The Green Arrow and Black Canary Wedding Special was a fun read, even though it simultaneously acknowledged and contradicted what happened in the JLA Wedding Special from last week. See, in the first Wedding Special, the JLA gets the snot whipped out of them by the Injustice League during Canary and Arrow’s respective bachelorette and bachelor parties, on the eve of their wedding. Not so much in the second Wedding Special, where the wedding takes place as planned with every member of the JLA present and accounted for. Yet the Injustice League that attacks the nuptials just happens to be the same band of second-stringers introduced in the JLA Wedding Special. So DC editorial decided to coordinate a few things (including the joke about Ollie not wanting strippers), but didn’t bother to make sure their two writers weren’t writer conflicting stories? That’s an interesting choice.
Three more comments on the wedding:
1) Thanks to Countdown #32, I saw three different versions of Black Canary’s bachelorette party. I’m not sure I needed to see it once.
2) Hiring strippers dressed like you’re friends and family is the creepiest thing I’ve ever seen. Thunder was dancing with a stripper dressed like her father. That’s just not right.
3) Umm…[SPOILER!!] couldn’t Black Canary have fought off her new husband with her sonic scream, or maybe her vastly superior hand-to-hand fighting skills, instead of jamming the nearest sharp object into his trachea?
Captain America is just awesome. I just don’t think Marvel is putting out a better book right now. I love the book despite (or perhaps because of) the constant presence of that über-asshole, Tony Stark. “You’re making me want a drink, Steve…” Oh, so your alcoholism is Cap’s fault now, Tony? What a dick.
World War Hulk #4 was a bit of a disappointment. I thought we were going to see a whole issue of the Marvel heroes being force to fight each other. Instead we get another Strange/Hulk fight, another Rick Jones/Hulk conversation, and only a few panels of the Illuminati fighting, completely obscured by the bright flashes their staffs create. These flashes of light were all over the place this issue, which makes the colorist’s job a lot more interesting but really means John Romita Jr. got to be a little lazy this issue. The only way I see this mini-series reaching a satisfying conclusion is if during the Hulk/Sentry fight, Thor shows up and mops the floor with both of them.
Man, I’m already sick of the Flash’s kids. When I pick up The Flash #232, it’s because I want to read a story about the Flash, not the Flash and his two pre-pubescent super-kids. I like Daniel Acuña’s art, but I’m not sure this is a title he’s best suited for. He’d probably be great for Superman or Shazam, but his art just seems a little too static for the fastest man alive.
Madman Atomic Comics #4 was very colorful. I really enjoyed the art this issue, and it even allowed me to understand the story this time. But this issue really made me want to go back and read the older Madman stories (which I’ve never read) more than it made me anticipate the next issue in the series. That’s not a good sign. But like I said, I really enjoy the art, and that may just be enough to keep me buying this book for the foreseeable future.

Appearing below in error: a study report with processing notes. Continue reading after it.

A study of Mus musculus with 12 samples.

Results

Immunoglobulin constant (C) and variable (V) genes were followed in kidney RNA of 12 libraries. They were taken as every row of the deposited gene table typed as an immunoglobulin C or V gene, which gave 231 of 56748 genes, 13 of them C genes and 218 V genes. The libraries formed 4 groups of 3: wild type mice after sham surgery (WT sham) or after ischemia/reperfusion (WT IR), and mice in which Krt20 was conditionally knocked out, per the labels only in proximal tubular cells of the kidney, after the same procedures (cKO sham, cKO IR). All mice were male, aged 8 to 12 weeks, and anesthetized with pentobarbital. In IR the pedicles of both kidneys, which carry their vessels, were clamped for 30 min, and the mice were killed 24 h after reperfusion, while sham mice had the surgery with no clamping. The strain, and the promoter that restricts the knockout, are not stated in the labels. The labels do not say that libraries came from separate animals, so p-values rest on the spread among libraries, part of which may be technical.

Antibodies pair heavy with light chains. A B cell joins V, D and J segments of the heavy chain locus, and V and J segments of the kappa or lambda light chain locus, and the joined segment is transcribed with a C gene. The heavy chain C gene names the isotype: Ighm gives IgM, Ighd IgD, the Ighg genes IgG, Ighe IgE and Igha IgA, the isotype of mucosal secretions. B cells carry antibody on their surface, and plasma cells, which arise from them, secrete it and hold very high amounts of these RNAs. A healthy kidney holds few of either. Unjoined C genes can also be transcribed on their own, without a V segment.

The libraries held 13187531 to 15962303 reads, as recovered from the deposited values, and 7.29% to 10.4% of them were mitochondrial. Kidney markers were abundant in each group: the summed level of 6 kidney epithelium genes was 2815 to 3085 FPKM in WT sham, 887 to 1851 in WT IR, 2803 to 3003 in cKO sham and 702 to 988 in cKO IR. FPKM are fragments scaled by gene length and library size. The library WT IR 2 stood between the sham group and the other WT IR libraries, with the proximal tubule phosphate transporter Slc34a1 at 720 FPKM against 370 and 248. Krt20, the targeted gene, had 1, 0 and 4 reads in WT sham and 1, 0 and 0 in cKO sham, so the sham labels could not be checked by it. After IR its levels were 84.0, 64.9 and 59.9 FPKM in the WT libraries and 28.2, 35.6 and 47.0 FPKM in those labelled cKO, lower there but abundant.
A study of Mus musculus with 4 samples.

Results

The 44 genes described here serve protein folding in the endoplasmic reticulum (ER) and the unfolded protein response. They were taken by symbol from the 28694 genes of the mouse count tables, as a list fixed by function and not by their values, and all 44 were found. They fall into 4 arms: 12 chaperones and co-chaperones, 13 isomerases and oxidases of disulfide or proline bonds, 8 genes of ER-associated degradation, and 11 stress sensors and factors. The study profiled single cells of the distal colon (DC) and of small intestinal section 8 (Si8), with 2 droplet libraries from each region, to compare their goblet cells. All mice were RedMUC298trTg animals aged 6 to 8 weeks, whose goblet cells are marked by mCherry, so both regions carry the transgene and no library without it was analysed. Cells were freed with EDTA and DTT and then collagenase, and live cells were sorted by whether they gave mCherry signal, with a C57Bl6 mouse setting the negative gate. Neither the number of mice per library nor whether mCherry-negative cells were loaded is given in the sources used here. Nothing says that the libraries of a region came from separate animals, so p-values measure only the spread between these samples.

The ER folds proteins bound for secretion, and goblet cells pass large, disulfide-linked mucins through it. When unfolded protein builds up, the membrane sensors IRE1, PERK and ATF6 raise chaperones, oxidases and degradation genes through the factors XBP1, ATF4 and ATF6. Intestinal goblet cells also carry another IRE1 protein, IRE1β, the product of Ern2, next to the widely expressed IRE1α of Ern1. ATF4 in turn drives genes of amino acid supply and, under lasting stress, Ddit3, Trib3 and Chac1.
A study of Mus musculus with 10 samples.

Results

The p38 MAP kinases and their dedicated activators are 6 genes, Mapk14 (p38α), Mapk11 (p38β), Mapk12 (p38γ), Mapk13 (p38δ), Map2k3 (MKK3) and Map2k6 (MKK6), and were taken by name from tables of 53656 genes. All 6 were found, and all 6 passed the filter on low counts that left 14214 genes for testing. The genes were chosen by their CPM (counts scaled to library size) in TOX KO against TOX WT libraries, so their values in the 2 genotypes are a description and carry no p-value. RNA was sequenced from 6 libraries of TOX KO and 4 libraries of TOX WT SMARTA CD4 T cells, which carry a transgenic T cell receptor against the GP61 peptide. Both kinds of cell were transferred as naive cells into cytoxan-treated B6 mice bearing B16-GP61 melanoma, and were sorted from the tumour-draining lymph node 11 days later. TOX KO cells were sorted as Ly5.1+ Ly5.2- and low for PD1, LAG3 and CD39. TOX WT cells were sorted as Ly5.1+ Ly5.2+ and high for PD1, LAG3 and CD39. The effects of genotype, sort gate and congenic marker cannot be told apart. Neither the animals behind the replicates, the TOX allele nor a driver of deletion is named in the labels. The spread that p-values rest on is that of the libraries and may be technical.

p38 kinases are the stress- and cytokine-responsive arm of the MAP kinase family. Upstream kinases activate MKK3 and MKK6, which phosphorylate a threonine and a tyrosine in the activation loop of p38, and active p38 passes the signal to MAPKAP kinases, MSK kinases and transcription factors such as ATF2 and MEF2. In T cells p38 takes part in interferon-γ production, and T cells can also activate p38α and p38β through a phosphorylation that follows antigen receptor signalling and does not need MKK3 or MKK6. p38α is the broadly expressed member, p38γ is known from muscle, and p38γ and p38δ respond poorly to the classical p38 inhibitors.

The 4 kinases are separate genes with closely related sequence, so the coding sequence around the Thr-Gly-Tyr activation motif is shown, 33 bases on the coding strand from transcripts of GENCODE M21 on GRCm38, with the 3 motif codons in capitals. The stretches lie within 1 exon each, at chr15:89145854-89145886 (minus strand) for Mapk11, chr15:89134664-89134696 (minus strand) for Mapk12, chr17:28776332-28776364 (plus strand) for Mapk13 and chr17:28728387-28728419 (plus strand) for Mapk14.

So the plot of the next arc of Ex Machina is Mayor Hundred gets framed for the murder of the Pope? I did not see that one coming.
A lot of times, done-in-one stories where nothing groundbreaking happens are some of the best stories of the year. Wolverine has had one of those issues each of the last two years. Birds of Prey #110 is not one of those issues, though. Maybe I didn’t really like this issue because it was just Oracle and Huntress, and they’re not that appealing to me on their own. The best part of BoP is the team dynamic of what is essentially a group of hired guns doing Oracle’s bidding. Bedard even pointed that out this issue by looking back on some of the one-time Birds and why they didn’t work out. People getting along are never as interesting as people not getting along.
It’s good to see that Ant-Man will be showing up in Avengers: The Initiative now that his solo series has ended with Irredeemable Ant-Man #12. It’s even better to see that he’s the same egotistical jerk he’s always been, looking out for himself above all others, when he decided to not stop and help Spider-Man fight the Absorbing Man at the end of the issue. For a second there I thought he was going to start redeeming himself. That was a close one.
Hey, Checkmate #18 was actually good! After a crappy fill-in last issue, which placed Checkmate next to Shadowpact on the short list of titles I was about to drop, this issue was actually pretty good. You always knew the time would come that Amanda Waller would go too far and the rest of Checkmate would have to take her down. Then Greg Rucka had to go and throw in Scandal (with a reference to her girl’s recent death in Birds of Prey), the Suicide Squad, and a role for Martian Manhunter that makes more sense than anything I’ve ever seen him in. It reminded me why I liked this title so much when it launched during One Year Later.
Skill being revealed as Ravager in Robin #166 was very cool. It makes total sense that Robin would turn to his Teen Titans buddies for help in Gotham every once in a while. What’s even cooler is that he needed a little help, but he didn’t automatically turn to Batman. I wouldn’t be surprised if sometime soon Tim Drake ditched the Robin moniker (like Dick Grayson did before him) and created his own superhero persona to distinguish himself as more than just Batman’s sidekick.